Less than two months before his death, John C. "Jack" Bogle, known as "the father of indexing," urged the industry to look beyond the success of the low-cost investment vehicle that helped propel Vanguard Group to its current status as the world's second-largest money manager. He challenged his peers to contend with the future of indexing, should its widespread acceptance continue on its current trajectory.
It was the contrarian in Mr. Bogle, who died Jan. 16 at the age of 89 in Bryn Mawr, Pa., that envisioned "The Vanguard Experiment," a deviation from the industry status quo as far as the corporate structure of a typical mutual fund complex. But he earned his reputation as the investor's advocate, after he brought his brand of low-
cost, accessible investing to market in 1976 with the first index mutual fund.
More than four decades later, Mr. Bogle, still the advocate, questioned how the community could counter looming consequences of the massive shift toward indexing, while acknowledging the "enormous value" index funds still provide, he wrote in a November op-ed in The Wall Street Journal.
He warned investors to consider the outcome: "If historical trends continue, a handful of giant institutional investors will one day hold voting control of virtually every large U.S. corporation," Mr. Bogle wrote. "Public policy cannot ignore this growing dominance, and consider its impact on the financial markets, corporate governance and regulation. These will be major issues in the coming era."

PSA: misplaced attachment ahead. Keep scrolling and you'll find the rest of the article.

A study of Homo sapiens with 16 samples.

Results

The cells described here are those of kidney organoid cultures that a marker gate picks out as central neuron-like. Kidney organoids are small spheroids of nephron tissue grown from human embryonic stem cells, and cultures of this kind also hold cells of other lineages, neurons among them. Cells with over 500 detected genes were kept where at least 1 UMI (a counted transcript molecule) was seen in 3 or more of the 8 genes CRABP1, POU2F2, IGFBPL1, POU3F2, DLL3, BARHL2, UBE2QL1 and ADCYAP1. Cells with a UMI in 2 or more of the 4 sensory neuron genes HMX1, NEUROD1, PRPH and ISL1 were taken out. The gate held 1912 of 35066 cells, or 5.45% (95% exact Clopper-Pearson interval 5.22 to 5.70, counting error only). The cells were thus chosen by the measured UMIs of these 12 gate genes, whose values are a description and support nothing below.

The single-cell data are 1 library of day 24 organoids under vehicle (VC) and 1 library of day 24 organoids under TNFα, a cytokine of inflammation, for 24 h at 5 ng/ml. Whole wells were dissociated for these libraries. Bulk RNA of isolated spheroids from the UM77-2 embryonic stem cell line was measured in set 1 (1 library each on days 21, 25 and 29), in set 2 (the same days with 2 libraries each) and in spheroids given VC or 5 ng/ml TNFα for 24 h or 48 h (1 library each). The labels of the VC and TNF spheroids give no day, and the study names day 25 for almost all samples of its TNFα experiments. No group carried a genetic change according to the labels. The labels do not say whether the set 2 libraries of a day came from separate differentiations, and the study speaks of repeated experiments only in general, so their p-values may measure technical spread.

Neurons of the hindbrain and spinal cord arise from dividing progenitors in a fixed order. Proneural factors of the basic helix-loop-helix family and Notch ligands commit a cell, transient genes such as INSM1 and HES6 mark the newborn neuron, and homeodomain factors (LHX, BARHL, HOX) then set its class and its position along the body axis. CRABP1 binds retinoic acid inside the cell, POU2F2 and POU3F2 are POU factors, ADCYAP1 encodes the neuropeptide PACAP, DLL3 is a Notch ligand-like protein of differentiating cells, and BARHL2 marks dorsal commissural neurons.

This mindset was "a typical John Bogle way of thinking — what are (the) implications of what people are doing?" said John Casey, the now-retired former chairman of Casey Quirk, a New York-based business of Deloitte Consulting LLP, who met Mr. Bogle in the 1970s.
In fact, Mr. Bogle had gone down this path with Mr. Casey when they spoke in September as he was working on the opinion piece.
"He was really concerned about what would be the implications of too many people starting to index. Everybody was looking for lower cost (options), but everybody followed the same strategy," Mr. Casey recalled of their September phone call.
"He's been at the forefront of so many forward-thinking, but also very practical, investment solutions," Mr. Casey said in a phone interview. "John Bogle was a man who, if a door was shut, would find a way to walk through it."